Call for certainty on Covid-19 payment as Doherty seeks extra €6.8bn
Fianna Fáil TD says he resents claims that people on pandemic benefit ‘gaming the system’
Proposals on the future of the Pandemic Unemployment Payment (PUP) will be brought forward ‘over the next week or so’, Minister for Social Protection Regina Doherty has said. File photograph: Nick Bradshaw/The Irish Times.
Proposals on the future of the Pandemic Unemployment Payment (PUP) will be brought forward “over the next week or so”, Minister for Social Protection Regina Doherty has said.
Introducing revised financial estimates for her department, which is seeking an additional €6.8 billion to cover the weekly €350 payments and a wage subsidy scheme, Ms Doherty said she was happy to confirm again that the payments would extend beyond the original June end date.
“Any future decisions will be based on our commitment that everyone who needs help will get the most appropriate assistance and also based on the evidence we receive from the reopening of the economy,” she said.
The Minister added that “we are currently considering this and intend to bring forward proposals for some changes over the next week or so”.
A call had been made for people to be given certainty about the future of the payment and wage subsidy scheme as the Dáil debated the revised estimates.
Fianna Fáil social protection spokesman Willie O’Dea warned that there should not be a “cliff edge” drop from €350 to the €205 paid as jobseeker’s allowance.
He said he could not believe that approval was being sought for €6.84 billion of social welfare payments “but without any information whatsoever about the future” of the PUP.
‘Gaming the system’
Mr O’Dea said he resented recent references to 200,000 people who are apparently being better off while receiving the payment than working. He criticised allegations that they were “gaming the system” and lying on the couch watching TV rather than going back to work.
He said 40 per cent of those on the payment had previously been earning €300 or less and the “vast majority” were working part time.
Mr O’Dea said those talking about PUP recipients being better off “are blissfully unaware that the Government has clearly signalled that if the pandemic payment exceeds their earnings there will be a clawback”.
Ms Doherty said that while there was fraud in the system in the same as every country, it was small numbers in this case.
“There is nobody gaming the system and nobody will lose their payment,” she said, adding that the payments would not suddenly be “ripped away”.
The Minister said she was seeking approval for the additional funds, which would bring the estimate for her department to more than €28 billion for the year. She said the extraordinary events brought about by the Covid-19 pandemic meant the original estimate “will no longer be sufficient to cover the expenditure of the department”.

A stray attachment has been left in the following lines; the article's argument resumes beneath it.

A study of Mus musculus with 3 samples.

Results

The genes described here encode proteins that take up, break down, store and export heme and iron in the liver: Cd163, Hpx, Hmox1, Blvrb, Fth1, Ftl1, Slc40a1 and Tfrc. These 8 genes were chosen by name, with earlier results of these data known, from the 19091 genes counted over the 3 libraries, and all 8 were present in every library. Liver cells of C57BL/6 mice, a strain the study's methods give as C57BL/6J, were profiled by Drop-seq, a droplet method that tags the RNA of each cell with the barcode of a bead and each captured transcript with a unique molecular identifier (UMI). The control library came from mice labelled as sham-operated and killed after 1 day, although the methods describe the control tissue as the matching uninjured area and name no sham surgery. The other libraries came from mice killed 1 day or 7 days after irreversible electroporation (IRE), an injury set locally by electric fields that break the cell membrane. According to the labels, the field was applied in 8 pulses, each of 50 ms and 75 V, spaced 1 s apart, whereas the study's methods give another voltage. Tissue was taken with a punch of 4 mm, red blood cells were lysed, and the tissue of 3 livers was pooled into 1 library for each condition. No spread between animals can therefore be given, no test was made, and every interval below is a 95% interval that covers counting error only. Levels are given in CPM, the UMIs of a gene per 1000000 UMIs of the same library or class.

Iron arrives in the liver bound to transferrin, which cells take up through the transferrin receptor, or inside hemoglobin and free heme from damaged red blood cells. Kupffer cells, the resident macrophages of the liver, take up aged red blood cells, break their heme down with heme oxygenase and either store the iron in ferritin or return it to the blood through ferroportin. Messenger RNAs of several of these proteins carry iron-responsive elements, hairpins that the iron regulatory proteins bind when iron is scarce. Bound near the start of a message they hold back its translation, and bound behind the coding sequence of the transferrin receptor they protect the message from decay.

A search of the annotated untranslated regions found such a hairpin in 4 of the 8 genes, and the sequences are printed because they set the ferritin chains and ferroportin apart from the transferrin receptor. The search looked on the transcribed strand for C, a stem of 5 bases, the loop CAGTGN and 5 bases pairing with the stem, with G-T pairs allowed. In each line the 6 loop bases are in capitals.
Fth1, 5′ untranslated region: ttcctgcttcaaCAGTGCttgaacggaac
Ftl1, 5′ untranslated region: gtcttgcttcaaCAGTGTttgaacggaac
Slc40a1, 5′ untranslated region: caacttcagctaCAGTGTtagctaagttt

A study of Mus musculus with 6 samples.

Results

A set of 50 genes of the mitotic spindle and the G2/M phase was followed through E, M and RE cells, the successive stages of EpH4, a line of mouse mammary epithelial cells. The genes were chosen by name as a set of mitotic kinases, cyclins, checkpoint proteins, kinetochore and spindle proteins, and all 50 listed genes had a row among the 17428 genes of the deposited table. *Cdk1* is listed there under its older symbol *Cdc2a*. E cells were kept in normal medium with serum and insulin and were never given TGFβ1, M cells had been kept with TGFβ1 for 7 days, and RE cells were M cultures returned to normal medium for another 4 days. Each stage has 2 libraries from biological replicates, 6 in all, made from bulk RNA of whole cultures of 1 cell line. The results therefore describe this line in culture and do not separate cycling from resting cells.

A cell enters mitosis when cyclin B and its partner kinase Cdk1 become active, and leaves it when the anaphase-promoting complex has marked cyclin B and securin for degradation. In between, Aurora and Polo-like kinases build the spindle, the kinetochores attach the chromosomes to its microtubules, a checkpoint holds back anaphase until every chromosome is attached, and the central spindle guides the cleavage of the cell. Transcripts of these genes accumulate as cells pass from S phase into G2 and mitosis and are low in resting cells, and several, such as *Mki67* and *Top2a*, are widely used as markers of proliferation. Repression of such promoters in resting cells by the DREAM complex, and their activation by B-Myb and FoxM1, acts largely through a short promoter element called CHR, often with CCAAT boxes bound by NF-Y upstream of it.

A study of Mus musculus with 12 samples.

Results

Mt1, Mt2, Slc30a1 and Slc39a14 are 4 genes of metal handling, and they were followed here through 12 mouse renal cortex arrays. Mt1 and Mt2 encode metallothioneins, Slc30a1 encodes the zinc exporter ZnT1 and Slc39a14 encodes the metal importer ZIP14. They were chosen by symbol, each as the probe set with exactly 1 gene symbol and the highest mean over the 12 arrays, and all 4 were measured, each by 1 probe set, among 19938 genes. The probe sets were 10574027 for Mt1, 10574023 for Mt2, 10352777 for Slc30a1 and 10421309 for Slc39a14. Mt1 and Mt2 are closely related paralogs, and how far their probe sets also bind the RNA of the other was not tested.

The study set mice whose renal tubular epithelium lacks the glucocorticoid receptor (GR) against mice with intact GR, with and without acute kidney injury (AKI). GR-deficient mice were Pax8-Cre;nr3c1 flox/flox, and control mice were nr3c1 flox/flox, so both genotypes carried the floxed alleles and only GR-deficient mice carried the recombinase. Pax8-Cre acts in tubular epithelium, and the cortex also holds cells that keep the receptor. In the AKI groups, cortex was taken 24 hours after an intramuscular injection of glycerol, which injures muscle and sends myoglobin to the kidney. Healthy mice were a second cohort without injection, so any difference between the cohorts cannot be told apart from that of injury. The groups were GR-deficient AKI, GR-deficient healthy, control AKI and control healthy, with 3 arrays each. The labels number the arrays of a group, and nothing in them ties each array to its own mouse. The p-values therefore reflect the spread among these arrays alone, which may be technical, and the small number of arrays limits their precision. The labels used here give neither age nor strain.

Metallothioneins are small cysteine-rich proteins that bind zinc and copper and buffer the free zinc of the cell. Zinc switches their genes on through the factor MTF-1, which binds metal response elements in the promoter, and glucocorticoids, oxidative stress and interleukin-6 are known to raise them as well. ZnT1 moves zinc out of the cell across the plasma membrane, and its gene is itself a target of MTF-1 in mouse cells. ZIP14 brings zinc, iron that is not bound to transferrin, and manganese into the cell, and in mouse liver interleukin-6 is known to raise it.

She said given the scale of the “exceptional measures” needed in response to the pandemic “we will within the next week or so, reach the ceiling” when 80 per cent of allocated funding would be used up. This was happening “much earlier in the year than we could have considered possible a few months ago”, she said.
Ms Doherty said the funding was not just for “payments related to the pandemic but also to all of our ordinary payments - child benefit, pensions, carers’ payments, payments to lone parents, payments to people with disabilities and much more besides”.
“As we gradually move through the phases of reopening our society, we do need to review the nature of the Pandemic Unemployment Payment and how it fits into cross-Government plans to keep Ireland healthy and get the country working again,” she said.
The Dáil heard there are 13 different categories of expenditure related to Covid-19 which give rise to the requirement for the additional €6.8 billion. The PUP and wage subsidy scheme would cost €4.3 billion up to June 12th and jobseeker’s related benefits would costs nearly €4.2 billion for the year, Ms Doherty said.
The Minister said the Back to School Clothing and Footwear Allowance costing an additional €98.9 million while enhanced illness benefit to for Covid-related illness or self-isolation was estimated at €74 million.
Rent supplement is projected to cost an extra €70 million, increased spending on redundancy is estimated at €44.5 million and insolvency costs are estimated at €8.9 million. Four additional weeks of fuel allowance in March and April cost €34 million and €5.5 million has been provided for 1,000 additional places on the community employment and Tús schemes.